Golf is slowly but surely gaining a foothold in the Kingdom, with top-class courses offering plenty of challenges. David Baron, director of golf at Siem Reap’s Angkor Golf Resort, discusses the state of the game in Cambodia
What are the latest happenings in Cambodia’s golf scene?
It’s going from strength to strength. We’ve seen growth of 10-15% year on year, but particularly in the past five years it seems to have been fast-tracked. Korea has always been the strongest tourism market, but we’re starting to see an upward trend from the European and other long-haul markets. I think there’s a bright future for Siem Reap as a golf tourism destination, but we’ve also seen a large increase in local golfers, with the number of players probably doubling in the past two years, which is great for the longevity of the game.
What does the average holidaying golfer get up to in Siem Reap?
There are three courses here, and most golf tourists would typically play all of them, or at least two of them. We try our best to work with the other courses to combine our efforts and market Siem Reap globally as a golfing destination. Phnom Penh is a bit of a separate market, where there is a lot more of a local golf scene with locals and expats playing down there. Here I’d estimate we’re about 80% tourists and 20% local in terms of players; it’s probably the other way around in Phnom Penh.
You mention the game is taking off among Cambodians. Why do you think that is?
It has really boomed in the past two years. I think there’s a bit of a feeling of: ‘Well, my friend plays, so I want to play too.’ The question of affordability is becoming less of an issue too; it’s now relatively affordable for the middle class at least. It’s also quite an addictive game, so the numbers are growing quite quickly, in Phnom Penh especially.
What do you think Siem Reap offers visitors as a golfing destination?
I think we’re unique. Obviously the number one draw is Angkor Wat, which is almost visible from our course. There’s also the locality of the courses, most of them within 30 minutes’ drive from the town centre, whereas in other destinations you can be driving for 90 minutes to get to the course. The whole vibe of Siem Reap in general also helps, with great value hotels and restaurants an added bonus. I think it’s also relatively new and untouched as far as some tourists are concerned, so we’ve got the intrigue factor as well.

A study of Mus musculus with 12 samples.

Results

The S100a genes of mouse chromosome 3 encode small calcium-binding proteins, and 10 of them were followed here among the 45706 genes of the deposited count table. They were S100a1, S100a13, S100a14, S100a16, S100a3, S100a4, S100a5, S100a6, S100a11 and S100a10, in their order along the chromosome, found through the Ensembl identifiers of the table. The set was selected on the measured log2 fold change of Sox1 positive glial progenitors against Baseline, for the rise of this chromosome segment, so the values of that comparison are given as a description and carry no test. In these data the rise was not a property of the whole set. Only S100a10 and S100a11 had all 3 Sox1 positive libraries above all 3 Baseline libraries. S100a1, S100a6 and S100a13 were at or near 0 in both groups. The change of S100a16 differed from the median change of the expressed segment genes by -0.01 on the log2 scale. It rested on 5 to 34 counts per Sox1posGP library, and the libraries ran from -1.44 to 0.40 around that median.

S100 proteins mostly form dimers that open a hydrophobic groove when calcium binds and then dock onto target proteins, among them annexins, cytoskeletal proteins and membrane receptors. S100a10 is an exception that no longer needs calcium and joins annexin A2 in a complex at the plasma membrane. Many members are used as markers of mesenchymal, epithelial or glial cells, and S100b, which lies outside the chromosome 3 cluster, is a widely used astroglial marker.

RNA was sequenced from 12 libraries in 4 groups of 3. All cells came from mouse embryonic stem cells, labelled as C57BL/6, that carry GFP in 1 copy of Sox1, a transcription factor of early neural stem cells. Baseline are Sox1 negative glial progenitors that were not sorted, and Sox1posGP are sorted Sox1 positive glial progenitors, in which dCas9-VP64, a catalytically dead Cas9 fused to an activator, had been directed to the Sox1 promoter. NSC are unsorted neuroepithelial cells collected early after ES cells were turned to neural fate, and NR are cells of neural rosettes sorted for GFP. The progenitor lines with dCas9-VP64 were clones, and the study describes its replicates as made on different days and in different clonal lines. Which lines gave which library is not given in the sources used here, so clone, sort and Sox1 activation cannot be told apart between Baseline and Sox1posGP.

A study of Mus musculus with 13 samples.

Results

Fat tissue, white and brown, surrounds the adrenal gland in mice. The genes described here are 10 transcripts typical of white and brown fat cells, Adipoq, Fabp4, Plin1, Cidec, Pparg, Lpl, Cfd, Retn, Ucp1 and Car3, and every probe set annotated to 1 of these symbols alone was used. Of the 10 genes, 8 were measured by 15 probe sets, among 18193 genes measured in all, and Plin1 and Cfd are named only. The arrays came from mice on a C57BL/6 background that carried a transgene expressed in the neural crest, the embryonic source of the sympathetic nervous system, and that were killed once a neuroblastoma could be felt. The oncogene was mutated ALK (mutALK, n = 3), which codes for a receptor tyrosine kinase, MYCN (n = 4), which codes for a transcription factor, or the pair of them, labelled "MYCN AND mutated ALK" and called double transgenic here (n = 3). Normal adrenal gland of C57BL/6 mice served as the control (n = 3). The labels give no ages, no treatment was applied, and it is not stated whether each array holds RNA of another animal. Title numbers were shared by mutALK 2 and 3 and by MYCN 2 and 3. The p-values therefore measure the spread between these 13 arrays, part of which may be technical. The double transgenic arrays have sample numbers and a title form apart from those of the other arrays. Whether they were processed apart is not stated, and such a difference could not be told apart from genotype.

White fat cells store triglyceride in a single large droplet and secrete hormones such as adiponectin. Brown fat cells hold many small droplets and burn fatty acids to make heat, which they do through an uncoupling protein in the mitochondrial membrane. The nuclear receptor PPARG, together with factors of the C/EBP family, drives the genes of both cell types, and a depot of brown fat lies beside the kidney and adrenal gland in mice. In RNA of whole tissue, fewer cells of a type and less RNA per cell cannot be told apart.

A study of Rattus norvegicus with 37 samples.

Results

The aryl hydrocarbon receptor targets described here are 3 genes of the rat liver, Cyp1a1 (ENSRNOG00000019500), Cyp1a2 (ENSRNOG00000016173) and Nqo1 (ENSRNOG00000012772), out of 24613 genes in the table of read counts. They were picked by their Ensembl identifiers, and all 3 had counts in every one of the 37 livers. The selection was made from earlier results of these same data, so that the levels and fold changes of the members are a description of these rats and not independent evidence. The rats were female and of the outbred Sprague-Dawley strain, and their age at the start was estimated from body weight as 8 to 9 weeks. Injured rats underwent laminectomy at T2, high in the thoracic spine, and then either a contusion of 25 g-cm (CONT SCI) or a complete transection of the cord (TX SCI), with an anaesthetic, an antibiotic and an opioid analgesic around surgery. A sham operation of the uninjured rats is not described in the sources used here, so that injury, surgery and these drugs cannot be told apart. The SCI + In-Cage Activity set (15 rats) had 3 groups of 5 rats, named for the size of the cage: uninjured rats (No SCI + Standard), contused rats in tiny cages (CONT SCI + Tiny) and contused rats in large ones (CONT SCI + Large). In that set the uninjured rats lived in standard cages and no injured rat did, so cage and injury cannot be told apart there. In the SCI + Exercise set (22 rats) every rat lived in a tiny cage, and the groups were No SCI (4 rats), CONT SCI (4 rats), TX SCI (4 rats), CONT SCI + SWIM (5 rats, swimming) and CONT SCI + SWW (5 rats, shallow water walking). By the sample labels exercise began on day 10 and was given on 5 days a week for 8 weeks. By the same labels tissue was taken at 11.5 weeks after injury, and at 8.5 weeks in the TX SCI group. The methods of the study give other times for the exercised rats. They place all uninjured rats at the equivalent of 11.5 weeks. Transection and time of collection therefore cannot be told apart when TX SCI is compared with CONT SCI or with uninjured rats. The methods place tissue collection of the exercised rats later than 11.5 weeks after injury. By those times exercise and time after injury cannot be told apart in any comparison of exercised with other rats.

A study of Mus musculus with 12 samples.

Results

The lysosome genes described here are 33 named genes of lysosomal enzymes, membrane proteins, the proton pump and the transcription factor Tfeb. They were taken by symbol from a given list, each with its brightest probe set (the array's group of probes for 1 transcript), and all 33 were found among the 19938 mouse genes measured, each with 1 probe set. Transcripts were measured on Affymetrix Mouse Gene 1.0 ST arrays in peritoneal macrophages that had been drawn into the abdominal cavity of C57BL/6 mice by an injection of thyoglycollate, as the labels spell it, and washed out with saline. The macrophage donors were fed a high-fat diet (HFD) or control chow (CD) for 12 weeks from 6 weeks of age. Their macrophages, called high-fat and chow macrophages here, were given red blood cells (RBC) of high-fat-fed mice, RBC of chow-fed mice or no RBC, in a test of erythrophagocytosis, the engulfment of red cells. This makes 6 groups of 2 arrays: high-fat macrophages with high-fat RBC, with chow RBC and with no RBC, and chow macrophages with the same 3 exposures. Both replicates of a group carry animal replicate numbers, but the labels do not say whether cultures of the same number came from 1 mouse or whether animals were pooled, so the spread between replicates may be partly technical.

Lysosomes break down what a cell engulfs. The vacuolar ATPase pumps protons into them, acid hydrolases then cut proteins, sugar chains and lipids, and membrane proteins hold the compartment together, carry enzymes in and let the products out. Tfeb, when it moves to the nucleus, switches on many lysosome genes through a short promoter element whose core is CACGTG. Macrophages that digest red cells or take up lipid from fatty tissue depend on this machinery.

People are usually surprised. For many people, their perception of Cambodia is still a little bit behind – chickens and cows on the fairway and all that! But when they get here they realise this is a genuinely world-class facility similar to what they’d play back home. People definitely tend to say that their expectations were exceeded.
If you were going to advise people to play three courses in Cambodia, what would they be?
I’m obviously a bit biased, but I think we’re a little bit ahead of the other courses in Siem Reap. I’d also recommend the Phokeethra Country Club, which is a very good course, a good challenge. It’s quite different in its design and is more of a challenge from the tee, a bit longer, whereas here there are subtle undulations and perhaps a bit more strategy needed. I’d also go for Garden City in Phnom Penh, which is a well-maintained and very tough course. The main challenge there is the greens, which are quite quick and difficult.
And what would you rate as the three best holes in Cambodia?
The standout here is hole 13, a par five with lots of bunkers, which makes it visually intimidating off the tee. I’d go for hole 18 at Garden City, which is a classic strong finishing hole with the hotel and clubhouse in the background and a bit of water to catch you out on the right hand side. And finally, at Phokeethra, hole number seven is a nice par three over the water, with the tee and the green and nothing but water in between, so that’s another great, intimidating hole.